UNIVERSITY SOUTH CAROLINIANA SOCIETY
Archives works to preserve university's history
This cigar-smoking foursome graduated from South Carolina College in 1884 and were known in their college days as "The Immortal Four." As it turned out, Adolphus Fuller (lower right) of Mountville, Laurens County, was named Carolina's oldest living graduate in 1956, at the age of 94. In 1883 or 1884 he posed with his three best friends, Alexander Boyce Marion of Chester, James Beaufort (Jim) Davies of York, and Guy Warren McBride of Sumter.
By Elizabeth Cassidy West|
The University of South Carolina Archives was established in 1976 as a unit of the McKissick Museum whose purpose was to house under one roof the University's collections relating to art, science, and history. In May 1993, the archives, now the Department of Archives and Records Management, became part of the South Caroliniana Library and physically relocated to the SCL Annex at 720 College Street.
During the early months of the archives' existence, approximately 1,000 cubic feet of records were located and transferred to the areas in McKissick Museum designated for archival storage. Key groups of records which were transferred include those of the USC Board of Trustees and the Office of the President, as well as the minutes of faculty meetings. Due to the long absence of an organized archival program, some of the University's historic records had been stored haphazardly over the years in the basements and attics of campus buildings. As a result, some valuable documents did not survive, and many others suffer from water, mold, and insect damage.
As these documents and photographs are processed, insights into important events and eras in the history of the University and the state of South Carolina have been rediscovered. Records from the 1800s shed light on the college years of such important Southern statesmen as Preston Brooks, James L. Petigru, and Wade Hampton III. A collection of 19th-century documents from student literary societies reveals much about the mores and political views of the period's Southern youth. The effects of the Civil War and Reconstruction on the University and the state are also recorded in these materials as is the traumatic arrival of coeducation in the 1890s.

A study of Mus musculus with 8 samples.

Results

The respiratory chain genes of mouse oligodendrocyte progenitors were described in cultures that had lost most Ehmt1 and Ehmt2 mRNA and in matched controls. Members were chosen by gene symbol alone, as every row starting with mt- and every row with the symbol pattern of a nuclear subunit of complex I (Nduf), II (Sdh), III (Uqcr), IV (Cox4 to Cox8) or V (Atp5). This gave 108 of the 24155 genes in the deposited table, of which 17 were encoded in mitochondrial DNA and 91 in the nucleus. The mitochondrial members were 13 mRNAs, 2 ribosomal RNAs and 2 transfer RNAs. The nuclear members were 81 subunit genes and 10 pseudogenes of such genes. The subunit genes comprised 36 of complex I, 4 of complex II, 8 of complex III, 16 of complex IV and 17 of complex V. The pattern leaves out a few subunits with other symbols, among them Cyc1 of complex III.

Twentieth-century records detail the transformation of a small Southern college with an enrollment of under 300 students into a modern university which now ranks among the 100 largest in the country. Documented in the archives' holdings are the steps which led toward the integration of the University in the 1960s, including the successful efforts of the University and the surrounding community to prevent the racial violence that was prevalent elsewhere at that time. The recent history of the University, including further diversification of the student body with the increasing enrollment of foreign students in the early 1970s, can be studied as well.
The Archives also houses a variety of publications produced by academic and administrative departments, the Alumni Association, and student organizations. Of particular value to researchers are the University's annual reports, the Garnet and Black yearbooks, and the Gamecock newspaper, as well as commencement programs, broadsides, photographs, posters, maps, and blueprints.
The Department of Archives and Records Management schedules the records generated in the various academic and administrative departments and identifies which records can be destroyed after a specified time. Records series which have permanent historical value are transferred to the archives. This ongoing effort will enable future researchers to study topics relating to the continuing development of the University. As of this date, 20 departments are participating in the records management program, with the eventual goal of full participation by all departments of the eight USC campuses.
The Archives provides reference services to student, faculty, staff, and the general public and produces exhibits in cooperation with the South Caroliniana Library and McKissick Museum. An exhibit on the first one hundred years of student life at USC is currently on display at McKissick.